HIGH POINT, N.C. (WGHP) — Two High Point firefighters are quickly recovering after coming face-to-face with a fire that caused first and second-degree burns to several parts of their bodies.
“I definitely feel like it was one of those situations that was kind of a freak accident and kind of the wrong place at the wrong time,” Josh Bryant said.
Bryant has been a firefighter for the past ten years and has worked for the High Point department for six of them.
He said in his years on the job, he has never been in a situation that caused extensive burns to his body.
Last month, Bryant and several other crew members were working to clean out dust from a silo at the High Point Furniture Industries Warehouse.
“We were going to get all the sawdust to the bottom, and they were going to get it out with a skid steer…I wasn’t participating in any firefighter activity, so I didn’t have my mask on at the time,” Bryant said.
He said the friction from the dust with the heat caused an unexpected flash fire, catching Bryant and another crew member in the middle.
“Instantly I felt a lot of heat in my face…everything started burning, and it was just a little bit of a blast,” Bryant said.
Bryant said at that moment, he rolled away as fast as he could and crawled to the edge of the roof. He said that’s when other crew members saw the blast and called in a mayday.
Because of the flash fire, Byrant sustained burns to the right side of his face, ear and right hand.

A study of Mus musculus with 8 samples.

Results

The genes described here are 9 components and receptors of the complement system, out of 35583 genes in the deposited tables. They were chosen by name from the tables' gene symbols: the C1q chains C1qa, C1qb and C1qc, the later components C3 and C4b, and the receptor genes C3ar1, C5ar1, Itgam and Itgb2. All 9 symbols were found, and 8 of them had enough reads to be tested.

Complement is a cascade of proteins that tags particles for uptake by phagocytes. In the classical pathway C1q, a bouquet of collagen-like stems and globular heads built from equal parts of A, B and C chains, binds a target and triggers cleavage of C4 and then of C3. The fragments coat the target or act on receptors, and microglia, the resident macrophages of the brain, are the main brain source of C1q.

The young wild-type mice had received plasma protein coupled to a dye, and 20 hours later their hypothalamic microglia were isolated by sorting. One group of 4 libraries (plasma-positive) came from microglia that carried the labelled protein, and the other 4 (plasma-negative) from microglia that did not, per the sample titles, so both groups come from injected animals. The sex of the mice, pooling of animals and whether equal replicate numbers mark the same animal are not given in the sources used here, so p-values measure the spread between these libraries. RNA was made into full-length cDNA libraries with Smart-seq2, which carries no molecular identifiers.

“My family was definitely worried. I made sure to call my mom before we even left the scene. I let her know so she could at least hear from me that I was okay,” Bryant said.
Although Bryant still has some time to recover, he wants anyone who works around dust collectors to pay attention to the dangers and remain vigilant about how quickly a fire situation can occur.
“Moving forward, the most important thing is just to try to do everything I can as far as training, making myself better as a firefighter to try and keep anything like this from happening again. Of course, it’s a dangerous job. Sometimes things just happen that we have no control over,” Bryant said.
Bryant’s follow-up appointment is next week. Then he will know if he can go back to work or will be on modified duty.
The other crew member also sustained non-life-threatening injuries and has been released from the hospital.
“I like to use situations like this to help better me as a firefighter in my career and as a person, so I like to take every situation as a learning experience,” Bryant said.